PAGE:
Revised wind credit expands welfare possibilities

“In 24 hours the heavily subsidized wind industry has gone from the verge of collapse to a modern-day Gold Rush. H.R. 8 seems to create a perverse incentive to rush production of additional facilities even when there may not be adequate demand for wind, biomass, or geothermal energy,” Issa told The Hill in a statement.

“The House and the Senate agreed Tuesday to extend a 2.2 cent per kilowatt-hour credit for wind power production through this year as part of the “fiscal cliff” deal. It also changed the incentive to let wind projects earn the credit if under construction — rather than in service — by the end of the year.” [The Hill]

2 thoughts on “Revised wind credit expands welfare possibilities”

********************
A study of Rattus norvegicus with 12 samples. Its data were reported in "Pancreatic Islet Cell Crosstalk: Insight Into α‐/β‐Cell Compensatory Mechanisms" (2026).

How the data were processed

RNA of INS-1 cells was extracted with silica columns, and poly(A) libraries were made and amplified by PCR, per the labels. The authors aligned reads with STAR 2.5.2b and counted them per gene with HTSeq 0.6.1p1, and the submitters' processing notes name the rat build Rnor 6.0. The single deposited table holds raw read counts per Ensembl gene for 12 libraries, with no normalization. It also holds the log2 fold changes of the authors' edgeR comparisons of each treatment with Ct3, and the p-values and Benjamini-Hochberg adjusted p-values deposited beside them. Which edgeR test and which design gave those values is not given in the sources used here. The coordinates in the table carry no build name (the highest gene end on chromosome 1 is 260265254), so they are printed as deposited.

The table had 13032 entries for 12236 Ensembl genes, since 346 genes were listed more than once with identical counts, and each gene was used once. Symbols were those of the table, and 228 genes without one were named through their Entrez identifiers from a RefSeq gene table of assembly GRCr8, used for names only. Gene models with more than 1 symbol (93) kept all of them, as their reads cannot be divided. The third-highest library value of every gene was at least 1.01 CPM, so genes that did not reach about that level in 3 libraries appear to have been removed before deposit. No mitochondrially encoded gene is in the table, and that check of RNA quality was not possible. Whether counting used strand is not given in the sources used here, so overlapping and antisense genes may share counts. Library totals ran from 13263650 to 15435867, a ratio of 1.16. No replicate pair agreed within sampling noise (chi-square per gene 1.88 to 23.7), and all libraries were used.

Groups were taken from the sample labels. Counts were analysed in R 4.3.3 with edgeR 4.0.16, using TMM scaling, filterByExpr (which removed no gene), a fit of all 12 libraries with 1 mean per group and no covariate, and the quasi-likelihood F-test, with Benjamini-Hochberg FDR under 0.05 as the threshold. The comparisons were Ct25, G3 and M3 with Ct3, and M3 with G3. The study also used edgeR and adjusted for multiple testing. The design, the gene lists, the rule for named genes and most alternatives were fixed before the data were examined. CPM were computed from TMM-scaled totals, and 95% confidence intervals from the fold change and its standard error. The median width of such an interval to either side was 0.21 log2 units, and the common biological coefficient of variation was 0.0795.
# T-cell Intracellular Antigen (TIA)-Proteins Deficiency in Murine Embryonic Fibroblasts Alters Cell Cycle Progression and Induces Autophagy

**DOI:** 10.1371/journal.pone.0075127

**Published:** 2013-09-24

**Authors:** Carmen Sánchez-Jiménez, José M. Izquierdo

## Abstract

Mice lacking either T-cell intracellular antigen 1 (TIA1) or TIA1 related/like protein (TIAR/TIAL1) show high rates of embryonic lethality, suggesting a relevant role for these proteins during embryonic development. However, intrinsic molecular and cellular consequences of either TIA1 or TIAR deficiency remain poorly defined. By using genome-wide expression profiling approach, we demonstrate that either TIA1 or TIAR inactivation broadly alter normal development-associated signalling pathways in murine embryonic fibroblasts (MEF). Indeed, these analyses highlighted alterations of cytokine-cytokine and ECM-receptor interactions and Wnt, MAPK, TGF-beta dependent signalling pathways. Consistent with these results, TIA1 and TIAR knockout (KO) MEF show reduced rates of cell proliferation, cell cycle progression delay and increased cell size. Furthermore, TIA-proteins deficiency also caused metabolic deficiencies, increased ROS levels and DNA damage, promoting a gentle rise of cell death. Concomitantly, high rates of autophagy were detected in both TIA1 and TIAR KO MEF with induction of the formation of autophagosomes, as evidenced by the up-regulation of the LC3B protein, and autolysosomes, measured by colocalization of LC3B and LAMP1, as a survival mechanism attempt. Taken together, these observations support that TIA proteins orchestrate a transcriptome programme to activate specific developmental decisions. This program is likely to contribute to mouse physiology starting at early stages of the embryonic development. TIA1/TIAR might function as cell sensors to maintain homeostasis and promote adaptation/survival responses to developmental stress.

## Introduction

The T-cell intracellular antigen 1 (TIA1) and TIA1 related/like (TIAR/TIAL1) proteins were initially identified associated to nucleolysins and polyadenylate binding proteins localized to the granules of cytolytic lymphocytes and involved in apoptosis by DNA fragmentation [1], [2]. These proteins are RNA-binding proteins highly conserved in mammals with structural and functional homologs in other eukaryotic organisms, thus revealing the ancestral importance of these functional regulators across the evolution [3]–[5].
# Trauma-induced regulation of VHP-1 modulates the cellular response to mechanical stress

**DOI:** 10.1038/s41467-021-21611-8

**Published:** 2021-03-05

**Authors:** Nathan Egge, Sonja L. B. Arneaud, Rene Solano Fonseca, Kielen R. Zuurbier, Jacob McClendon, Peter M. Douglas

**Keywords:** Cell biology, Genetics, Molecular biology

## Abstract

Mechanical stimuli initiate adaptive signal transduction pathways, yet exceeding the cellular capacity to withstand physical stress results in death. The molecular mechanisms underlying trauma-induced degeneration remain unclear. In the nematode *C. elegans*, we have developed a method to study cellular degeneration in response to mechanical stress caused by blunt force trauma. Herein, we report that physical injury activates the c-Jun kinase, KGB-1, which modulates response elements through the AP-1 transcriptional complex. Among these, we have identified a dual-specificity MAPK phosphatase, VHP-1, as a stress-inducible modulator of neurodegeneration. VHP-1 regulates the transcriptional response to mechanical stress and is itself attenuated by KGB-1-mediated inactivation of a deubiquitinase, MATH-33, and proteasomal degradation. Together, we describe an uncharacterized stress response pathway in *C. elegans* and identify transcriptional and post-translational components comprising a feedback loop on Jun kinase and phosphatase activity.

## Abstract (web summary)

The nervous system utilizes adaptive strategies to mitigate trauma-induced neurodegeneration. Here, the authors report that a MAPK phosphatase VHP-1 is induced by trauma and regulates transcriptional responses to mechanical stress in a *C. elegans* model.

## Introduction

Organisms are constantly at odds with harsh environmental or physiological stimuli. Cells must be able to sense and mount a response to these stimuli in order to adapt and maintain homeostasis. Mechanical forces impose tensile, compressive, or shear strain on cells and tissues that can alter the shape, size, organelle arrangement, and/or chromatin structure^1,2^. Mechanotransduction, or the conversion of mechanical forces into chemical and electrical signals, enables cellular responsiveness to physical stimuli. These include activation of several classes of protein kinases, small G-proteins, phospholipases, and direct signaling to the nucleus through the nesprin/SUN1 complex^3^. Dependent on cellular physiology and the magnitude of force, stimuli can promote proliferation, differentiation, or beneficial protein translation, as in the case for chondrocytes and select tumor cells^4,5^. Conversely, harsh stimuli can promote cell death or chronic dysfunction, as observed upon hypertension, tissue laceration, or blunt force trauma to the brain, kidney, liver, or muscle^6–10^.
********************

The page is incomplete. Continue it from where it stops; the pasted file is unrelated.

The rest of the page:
1. The large amount of wind power in Texas is a major factor in the difficulty in attracting new baseload power plants. Wind power gets priority on the grid, so the reliable plants (mostly natural gas, sometimes coal) have to power up and down to accomodate the erratic wind power. This is like driving your car in the city as opposed to on the highway: worse fuel economy (higher carbon dioxide emissions for the climatists) and higher maintenance and operational costs. If the reliable plants shut down when they’re under contract to the grid, they have to pay a penalty. But wind farms are exempted from this very reasonable requirement. So the wind farms wreak massive havoc on the grid and make other plants pay the cost. Just one of many, many reason why massive taxpayer subsidies to wind farms are a very bad idea.